Backpressure is an important concept in streaming shuffle. If the processing capability of downstream storage systems is insufficient, Realtime Compute notifies upstream storage systems to stop sending data to avoid data loss. In this scenario, backpressure occurs. This topic describes typical backpressure scenarios and optimization ideas.

Backpressure detection mechanism

A job backpressure detection mechanism is provided in Realtime Compute versions later than V3.0.0. With this mechanism, Realtime Compute detects congestion in the output network buffer of a vertex to determine whether backpressure exists in the vertex. A vertex is a group of operators associated as a chain. To check the backpressure for a job, follow these steps:
  1. In the top navigation bar, click Administration.
    1. Log on to the Realtime Compute development platform.
    2. In the top navigation bar, click Administration.
    3. On the Jobs page that appears, click the target job name under the Job Name field.
  2. In the left-side navigation pane, click the running job for which you want to check the backpressure. In the Vertex Topology section of the Overview tab that appears, click the blue border of the vertex that you want to check for the job.
  3. In the right-side pane, click the BackPressure tab and view the backpressure status in the Status column.
    • If high with a red indicator is displayed, the vertex has backpressure.
    • If ok with a green indicator is displayed, the vertex does not have backpressure.

Backpressure scenarios and optimization ideas

Note In the following vertex topology diagrams, the vertex in green indicates that no backpressure is detected, whereas the vertex in red indicates that backpressure is detected.
  • Scenario 1: Only one vertex exists and no backpressure is detected.

    Due to Flink features, no network buffer is configured on the output of the last vertex. In this case, data is directly written into downstream storage systems. If a job has only one or the last vertex, the backpressure detection fails. Therefore, this vertex topology diagram does not indicate that no backpressure is detected in the job. To further determine if and where backpressure exists, you must split the operators in Vertex 0. For more information about how to split the operators, see Resource parameters.

  • Scenario 2: Multiple vertices exist and backpressure is detected on the second to last vertex.
    This vertex topology diagram shows that Vertex 1 has backpressure and Vertex 2 has a performance bottleneck. You can check the operator names in Vertex 2 to determine the actions that you can take.
    • If only write operations into downstream storage systems are involved, the backpressure may be caused by the slow writing speed. We recommend that you increase the parallelism for Vertex 2 or set the batchsize parameter for the result table. For more information, see Upstream and downstream data storage parameters.
    • If operations in addition to the write operation into downstream storage systems are involved, you must split the operators that correspond to those operations for further check. For more information about how to split the operators, see Resource parameters.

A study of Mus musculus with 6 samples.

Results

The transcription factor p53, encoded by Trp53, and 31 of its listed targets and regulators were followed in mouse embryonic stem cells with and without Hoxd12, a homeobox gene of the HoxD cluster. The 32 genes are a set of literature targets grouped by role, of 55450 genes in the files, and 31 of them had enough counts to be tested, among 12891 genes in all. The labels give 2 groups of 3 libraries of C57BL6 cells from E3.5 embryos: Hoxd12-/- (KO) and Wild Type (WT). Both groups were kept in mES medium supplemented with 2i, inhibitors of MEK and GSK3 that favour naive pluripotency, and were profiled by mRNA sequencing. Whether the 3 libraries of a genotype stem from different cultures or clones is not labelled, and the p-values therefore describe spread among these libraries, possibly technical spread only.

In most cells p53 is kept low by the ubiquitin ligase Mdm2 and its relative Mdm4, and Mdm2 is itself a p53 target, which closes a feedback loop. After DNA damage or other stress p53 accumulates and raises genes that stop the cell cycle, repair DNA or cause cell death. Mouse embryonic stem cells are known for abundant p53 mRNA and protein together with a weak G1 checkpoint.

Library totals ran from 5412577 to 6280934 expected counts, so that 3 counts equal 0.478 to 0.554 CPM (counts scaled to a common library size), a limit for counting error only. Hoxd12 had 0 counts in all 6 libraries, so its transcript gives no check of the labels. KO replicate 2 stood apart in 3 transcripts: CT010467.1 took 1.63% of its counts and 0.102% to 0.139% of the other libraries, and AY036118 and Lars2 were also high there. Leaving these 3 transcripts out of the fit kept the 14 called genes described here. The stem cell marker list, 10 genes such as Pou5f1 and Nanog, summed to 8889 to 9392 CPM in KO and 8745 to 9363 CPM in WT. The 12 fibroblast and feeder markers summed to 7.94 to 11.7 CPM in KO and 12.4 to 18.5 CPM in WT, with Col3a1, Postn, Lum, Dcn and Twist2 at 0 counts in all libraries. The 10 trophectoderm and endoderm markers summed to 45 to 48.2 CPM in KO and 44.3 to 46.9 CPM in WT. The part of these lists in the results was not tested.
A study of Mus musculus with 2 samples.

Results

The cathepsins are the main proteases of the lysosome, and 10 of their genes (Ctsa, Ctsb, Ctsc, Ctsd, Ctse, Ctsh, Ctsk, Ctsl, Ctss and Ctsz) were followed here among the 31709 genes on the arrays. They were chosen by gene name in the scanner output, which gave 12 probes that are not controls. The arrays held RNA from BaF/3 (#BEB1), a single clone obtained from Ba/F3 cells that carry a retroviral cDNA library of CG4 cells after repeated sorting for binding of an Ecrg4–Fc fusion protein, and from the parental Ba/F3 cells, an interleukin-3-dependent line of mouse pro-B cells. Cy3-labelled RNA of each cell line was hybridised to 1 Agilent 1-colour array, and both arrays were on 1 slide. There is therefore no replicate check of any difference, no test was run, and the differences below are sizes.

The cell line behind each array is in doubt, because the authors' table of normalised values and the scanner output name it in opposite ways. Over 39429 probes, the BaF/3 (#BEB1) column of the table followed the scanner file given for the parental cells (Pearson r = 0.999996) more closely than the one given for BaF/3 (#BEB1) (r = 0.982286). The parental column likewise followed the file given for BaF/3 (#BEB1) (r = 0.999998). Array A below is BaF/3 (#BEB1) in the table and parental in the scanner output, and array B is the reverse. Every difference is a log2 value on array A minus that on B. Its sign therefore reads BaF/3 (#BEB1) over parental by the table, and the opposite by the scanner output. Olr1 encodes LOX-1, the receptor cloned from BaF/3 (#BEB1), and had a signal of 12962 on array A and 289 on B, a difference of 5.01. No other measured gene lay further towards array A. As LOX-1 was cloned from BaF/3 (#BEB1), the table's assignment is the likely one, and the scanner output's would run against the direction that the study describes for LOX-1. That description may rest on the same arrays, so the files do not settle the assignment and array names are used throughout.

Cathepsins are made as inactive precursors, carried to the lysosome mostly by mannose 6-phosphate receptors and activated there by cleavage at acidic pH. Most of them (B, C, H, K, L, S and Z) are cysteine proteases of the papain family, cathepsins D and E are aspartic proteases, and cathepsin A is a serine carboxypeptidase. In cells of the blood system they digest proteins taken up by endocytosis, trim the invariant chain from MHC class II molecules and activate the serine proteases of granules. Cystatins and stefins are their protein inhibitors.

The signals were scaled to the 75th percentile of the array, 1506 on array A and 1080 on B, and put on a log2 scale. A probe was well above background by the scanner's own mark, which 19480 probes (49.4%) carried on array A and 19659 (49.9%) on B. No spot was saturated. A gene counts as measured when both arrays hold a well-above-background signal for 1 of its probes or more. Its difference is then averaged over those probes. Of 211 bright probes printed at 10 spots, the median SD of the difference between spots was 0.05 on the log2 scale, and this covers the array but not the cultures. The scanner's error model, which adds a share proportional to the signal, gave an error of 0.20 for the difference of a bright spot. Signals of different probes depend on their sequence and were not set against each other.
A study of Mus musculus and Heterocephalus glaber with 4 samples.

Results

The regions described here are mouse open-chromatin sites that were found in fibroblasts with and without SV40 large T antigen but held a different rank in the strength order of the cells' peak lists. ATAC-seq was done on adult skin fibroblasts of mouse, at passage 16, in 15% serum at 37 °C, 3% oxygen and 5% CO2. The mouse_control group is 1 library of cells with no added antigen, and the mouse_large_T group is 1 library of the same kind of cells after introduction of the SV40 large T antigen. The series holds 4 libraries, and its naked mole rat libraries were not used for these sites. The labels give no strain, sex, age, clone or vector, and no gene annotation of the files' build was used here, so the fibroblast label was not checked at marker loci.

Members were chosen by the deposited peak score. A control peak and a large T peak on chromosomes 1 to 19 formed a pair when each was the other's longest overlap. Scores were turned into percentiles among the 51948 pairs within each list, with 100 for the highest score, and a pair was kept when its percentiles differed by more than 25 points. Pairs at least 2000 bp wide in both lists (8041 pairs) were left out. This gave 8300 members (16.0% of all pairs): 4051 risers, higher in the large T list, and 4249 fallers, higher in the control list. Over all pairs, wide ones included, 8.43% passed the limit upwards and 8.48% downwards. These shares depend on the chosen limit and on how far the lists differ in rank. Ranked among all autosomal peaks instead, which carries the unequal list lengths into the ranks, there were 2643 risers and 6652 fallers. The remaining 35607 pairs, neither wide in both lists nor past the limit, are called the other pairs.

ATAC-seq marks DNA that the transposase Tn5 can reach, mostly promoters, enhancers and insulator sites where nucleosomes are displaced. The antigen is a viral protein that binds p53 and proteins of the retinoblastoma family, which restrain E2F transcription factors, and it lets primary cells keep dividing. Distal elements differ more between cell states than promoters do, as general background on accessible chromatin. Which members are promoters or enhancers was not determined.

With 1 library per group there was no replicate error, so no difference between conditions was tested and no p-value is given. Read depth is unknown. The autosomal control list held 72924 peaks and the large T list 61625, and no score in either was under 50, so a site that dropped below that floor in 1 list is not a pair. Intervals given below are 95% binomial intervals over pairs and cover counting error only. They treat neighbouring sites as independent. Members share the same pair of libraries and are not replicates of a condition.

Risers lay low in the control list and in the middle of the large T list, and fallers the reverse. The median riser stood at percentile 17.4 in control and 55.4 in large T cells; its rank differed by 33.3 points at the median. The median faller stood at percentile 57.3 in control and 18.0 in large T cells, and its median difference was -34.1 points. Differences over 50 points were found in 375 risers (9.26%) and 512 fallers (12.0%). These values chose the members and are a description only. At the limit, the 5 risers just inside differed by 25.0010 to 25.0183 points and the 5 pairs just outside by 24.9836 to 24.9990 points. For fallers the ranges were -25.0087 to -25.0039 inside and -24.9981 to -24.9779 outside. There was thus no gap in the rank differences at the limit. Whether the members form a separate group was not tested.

• Scenario 3: Multiple vertices exist and backpressure is detected on a vertex other than the second to last vertex.
    This vertex topology diagram shows that Vertex 0 has backpressure and Vertex 1 has a performance bottleneck. You can check the operator names in Vertex 1 to determine the actions that you can take. The common operations and related optimization methods used in this scenario are as follows:
    • GROUP BY operation: You can increase the parallelism or set the miniBatch parameter to optimize the state operation. For more information, see Job parameters.
    • JOIN operation between dimension tables: You can increase the parallelism or set a cache policy for dimension tables. For more information, see relevant dimension table documents.
    • User-defined extension (UDX) operation: You can increase the parallelism or optimize the related UDX code.
  • Scenario 4: Multiple vertices exist and no backpressure is detected on all the vertices.
    This vertex topology diagram shows that Vertex 0 has a potential performance bottleneck. You can check the operator names in Vertex 0 to determine the actions that you can take.
    • If only read operations from the source table are involved, the slow reading speed causes high latency. However, Realtime Compute does not have performance bottlenecks. In this case, you can increase the parallelism of the source operator or set the batchsize parameter for reading the source data. For more information, see Upstream and downstream data storage parameters.
      Note The parallelism of the source operator cannot be greater than the number of shards of the upstream storage systems.
    • If operations in addition to the read operation from the source table are involved, we recommend that you split the operators involved in other operations first. For more information about how to split operators, see Resource parameters.
  • Scenario 5: Backpressure is detected on a vertex but no backpressure is detected on its subsequent parallel vertices.

    This vertex topology diagram shows that Vertex 0 has backpressure but whether Vertex 1 or Vertex 2 has a performance bottleneck cannot be determined. You can preliminarily determine the vertex where a performance bottleneck exists based on the IN_Q metric of Vertex 1 and Vertex 2. The vertex whose IN_Q remains 100% for a long period of time may have a performance bottleneck. To further determine where the performance bottleneck exists, you must split the operators of the vertex. For more information about how to split operators, see Resource parameters.